RECENT tests have revealed a number of new diesel cars produce almost zero harmful emissions.
And the results show that some engines are cleaner than some of the UK’s most popular petrol vehicles.
New testing by German automobile group ADAC – similar to the AA – show that some of the latest diesel cars emit close to no dangerous nitrogen oxides (NOx).
A Mercedes-Benz C-Class 220d powered by 2.0-litre diesel engine produced no NOx pollution during on-road testing.
One of the UK’s most popular cars the Vauxhall Astra only produced 1mg/km during testing, as did the BMW 5 Series 520d Touring estate.
And all of the 13 diesels which were tested were significantly below the legal emissions limit allowed on British roads.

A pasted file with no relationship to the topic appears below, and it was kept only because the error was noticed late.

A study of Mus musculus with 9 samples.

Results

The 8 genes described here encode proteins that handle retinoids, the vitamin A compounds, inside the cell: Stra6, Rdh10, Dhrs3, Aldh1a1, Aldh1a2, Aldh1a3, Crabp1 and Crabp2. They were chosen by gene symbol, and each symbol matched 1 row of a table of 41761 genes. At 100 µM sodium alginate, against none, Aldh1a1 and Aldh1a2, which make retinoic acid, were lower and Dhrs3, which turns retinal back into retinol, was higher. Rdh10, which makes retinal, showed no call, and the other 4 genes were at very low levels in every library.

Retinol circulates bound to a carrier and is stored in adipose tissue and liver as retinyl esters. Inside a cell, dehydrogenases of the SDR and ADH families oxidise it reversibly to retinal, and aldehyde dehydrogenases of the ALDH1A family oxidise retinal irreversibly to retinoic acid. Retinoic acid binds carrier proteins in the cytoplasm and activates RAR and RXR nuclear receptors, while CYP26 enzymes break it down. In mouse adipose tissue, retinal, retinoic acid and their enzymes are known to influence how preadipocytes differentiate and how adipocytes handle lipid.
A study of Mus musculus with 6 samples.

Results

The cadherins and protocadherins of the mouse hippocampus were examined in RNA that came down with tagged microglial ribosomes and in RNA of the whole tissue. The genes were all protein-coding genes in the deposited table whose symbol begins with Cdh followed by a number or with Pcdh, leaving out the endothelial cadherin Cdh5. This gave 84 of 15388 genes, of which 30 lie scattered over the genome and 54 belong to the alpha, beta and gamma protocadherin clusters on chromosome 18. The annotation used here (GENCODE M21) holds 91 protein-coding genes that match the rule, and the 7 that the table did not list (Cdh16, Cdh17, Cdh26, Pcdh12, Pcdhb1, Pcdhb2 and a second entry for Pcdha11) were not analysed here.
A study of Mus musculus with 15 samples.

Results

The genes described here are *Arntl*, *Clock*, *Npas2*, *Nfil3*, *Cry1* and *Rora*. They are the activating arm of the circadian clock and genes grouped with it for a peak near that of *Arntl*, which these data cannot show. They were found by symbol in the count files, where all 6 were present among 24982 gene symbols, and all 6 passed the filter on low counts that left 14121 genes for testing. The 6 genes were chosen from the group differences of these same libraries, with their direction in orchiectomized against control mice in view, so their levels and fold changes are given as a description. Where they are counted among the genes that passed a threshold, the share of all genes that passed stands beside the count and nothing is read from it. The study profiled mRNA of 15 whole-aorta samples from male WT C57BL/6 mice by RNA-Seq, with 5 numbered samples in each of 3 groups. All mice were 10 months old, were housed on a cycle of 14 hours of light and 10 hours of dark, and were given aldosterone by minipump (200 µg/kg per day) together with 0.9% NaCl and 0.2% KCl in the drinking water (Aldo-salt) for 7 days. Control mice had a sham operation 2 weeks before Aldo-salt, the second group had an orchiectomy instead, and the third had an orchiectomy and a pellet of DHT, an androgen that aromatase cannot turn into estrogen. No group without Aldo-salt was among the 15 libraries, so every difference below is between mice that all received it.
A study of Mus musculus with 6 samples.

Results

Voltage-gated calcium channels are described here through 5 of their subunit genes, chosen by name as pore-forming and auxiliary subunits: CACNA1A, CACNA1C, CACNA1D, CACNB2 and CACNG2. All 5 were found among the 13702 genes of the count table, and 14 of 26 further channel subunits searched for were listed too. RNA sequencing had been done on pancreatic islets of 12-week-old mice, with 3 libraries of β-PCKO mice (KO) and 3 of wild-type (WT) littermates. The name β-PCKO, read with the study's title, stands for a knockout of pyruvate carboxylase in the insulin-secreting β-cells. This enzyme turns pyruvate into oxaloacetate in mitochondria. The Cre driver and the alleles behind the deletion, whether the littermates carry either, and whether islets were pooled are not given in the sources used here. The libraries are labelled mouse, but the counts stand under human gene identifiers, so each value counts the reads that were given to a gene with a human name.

In some cases, the diesel vehicles performed much better in the on-road tests than the equivalent petrol models.
Surprisingly, the Volkswagen Golf diesel performed exactly the same as the petrol version, emitting 14mg/km of NOx.
Tougher restrictions could be introduced by the European Commission next year, which would require all new diesel models to achieve less than 114mg/km of NOx and 86mg/km for petrol.
Current Euro 6 regulations require diesel cars to emit no more than 168mh/km.
Drivers have been discouraged from buying diesel cars in recent years, with ministers pushing for more electric and hybrid motors on the road to reduce air pollution.
From April 8, motorists who drive older vehicles, including pre-2015 diesels, will be made to pay £12.50 every day when travelling in London’s ULEZ.
The ULEZ will operate 24 hours a day, seven days a week within central London.